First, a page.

Apr 15, 2015 12:59 PM EDT
Pictured: An artist's conception of the newfound planet, which is half as massive as Jupiter and is located 13,000 light-years from Earth.
(Photo : Christine Pulliam (CfA))

Scientists have discovered a gas planet located deep within our galaxy - about 13,000 light-years away - making it one of the most distant planets known, according to new research.

"We don't know if planets are more common in our galaxy's central bulge or the disk of the galaxy, which is why these observations are so important," lead author Jennifer Yee of the Harvard-Smithsonian Center for Astrophysics (CfA) said in a statement.

This latest discovery is credited NASA's Spitzer Space Telescope, which teamed up with the ground-based OGLE's Warsaw Telescope at the Las Campanas Observatory in Chile. Using a technique called microlensing, the telescope scans the skies for far-away planets. This is when one star happens to pass in front of another, and its gravity acts as a lens to magnify and brighten the more distant star's light. If that foreground star happens to be orbited by a planet, the planet might cause a blip in the magnification.

Thanks to this microlensing method, scientists have found about 30 planets so far, with the farthest sitting about 25,000 light-years away.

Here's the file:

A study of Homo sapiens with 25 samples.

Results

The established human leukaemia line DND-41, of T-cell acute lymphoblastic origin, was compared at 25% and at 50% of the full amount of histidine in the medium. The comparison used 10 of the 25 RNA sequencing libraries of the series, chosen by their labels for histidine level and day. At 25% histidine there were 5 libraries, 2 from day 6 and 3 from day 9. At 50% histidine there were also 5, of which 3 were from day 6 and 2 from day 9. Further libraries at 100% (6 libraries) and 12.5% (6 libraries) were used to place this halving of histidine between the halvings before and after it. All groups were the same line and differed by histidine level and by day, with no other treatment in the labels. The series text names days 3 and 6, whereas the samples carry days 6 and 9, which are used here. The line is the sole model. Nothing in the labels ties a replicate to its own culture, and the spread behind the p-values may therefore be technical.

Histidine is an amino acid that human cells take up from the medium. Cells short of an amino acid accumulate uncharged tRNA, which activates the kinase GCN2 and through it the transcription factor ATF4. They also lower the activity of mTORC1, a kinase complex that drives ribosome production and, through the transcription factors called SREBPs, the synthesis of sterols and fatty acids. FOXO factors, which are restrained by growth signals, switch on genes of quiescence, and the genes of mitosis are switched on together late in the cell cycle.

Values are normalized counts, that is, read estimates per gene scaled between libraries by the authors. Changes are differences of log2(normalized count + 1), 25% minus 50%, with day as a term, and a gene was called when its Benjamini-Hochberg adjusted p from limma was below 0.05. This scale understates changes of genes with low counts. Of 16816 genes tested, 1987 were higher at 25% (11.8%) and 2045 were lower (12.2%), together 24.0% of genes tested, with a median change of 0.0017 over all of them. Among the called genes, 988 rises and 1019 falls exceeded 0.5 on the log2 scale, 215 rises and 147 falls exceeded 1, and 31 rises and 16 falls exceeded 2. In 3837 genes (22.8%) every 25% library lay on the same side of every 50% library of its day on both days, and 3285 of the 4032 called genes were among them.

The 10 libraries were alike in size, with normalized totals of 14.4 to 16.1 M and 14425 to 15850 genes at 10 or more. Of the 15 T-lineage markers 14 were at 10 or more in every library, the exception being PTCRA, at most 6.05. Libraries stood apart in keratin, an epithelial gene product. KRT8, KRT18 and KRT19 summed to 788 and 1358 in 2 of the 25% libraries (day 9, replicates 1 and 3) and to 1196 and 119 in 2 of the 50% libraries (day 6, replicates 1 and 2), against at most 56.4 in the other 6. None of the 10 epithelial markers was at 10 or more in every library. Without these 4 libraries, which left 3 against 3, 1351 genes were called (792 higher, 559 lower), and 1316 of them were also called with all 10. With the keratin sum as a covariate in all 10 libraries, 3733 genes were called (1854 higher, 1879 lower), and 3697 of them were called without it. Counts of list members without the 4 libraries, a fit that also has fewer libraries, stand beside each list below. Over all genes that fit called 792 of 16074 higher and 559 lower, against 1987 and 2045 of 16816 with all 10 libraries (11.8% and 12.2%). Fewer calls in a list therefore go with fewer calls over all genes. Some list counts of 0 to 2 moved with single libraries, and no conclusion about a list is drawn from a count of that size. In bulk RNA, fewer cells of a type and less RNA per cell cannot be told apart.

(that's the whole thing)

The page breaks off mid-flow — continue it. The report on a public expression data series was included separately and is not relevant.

"Microlensing experiments are already detecting planets from the solar neighborhood to almost the center of the Milky Way," said co-author Andrew Gould of The Ohio State University, Columbus. "And so they can, in principle, tell us the relative efficiency of planet formation across this huge expanse of our galaxy."

However, the downfall is that microlensing can't always give the precise distance to the stars and planets being observed. Thus, of the approximately 30 planets discovered with microlensing so far, roughly half cannot be pinned down to a precise location.

That's where Spitzer comes in. When combined with a ground-based telescope it can see the star brighten at a different time due to the large distance between the two telescopes and their unique vantage points - referred to as parallax.

So scientists used the time delay between OGLE's and Spitzer's viewing of the planetary event to calculate the distance to the newfound planet and its passing star.

It turns out that this unnamed planet is located about 13,000 light-years away in the farthest reaches of our Milky Way galaxy, and is about half the mass of Jupiter.

Spitzer will watch approximately 120 additional microlensing events this summer, and scientists hope that there are many more planets just waiting to be discovered.

"We've mainly explored our own solar neighborhood so far," concluded Sebastiano Calchi Novati, a Visiting Sagan Fellow at NASA's Exoplanet Science Institute at the California Institute of Technology. "Now we can use these single lenses to do statistics on planets as a whole and learn about their distribution in the galaxy."

The findings were published in The Astrophysical Journal.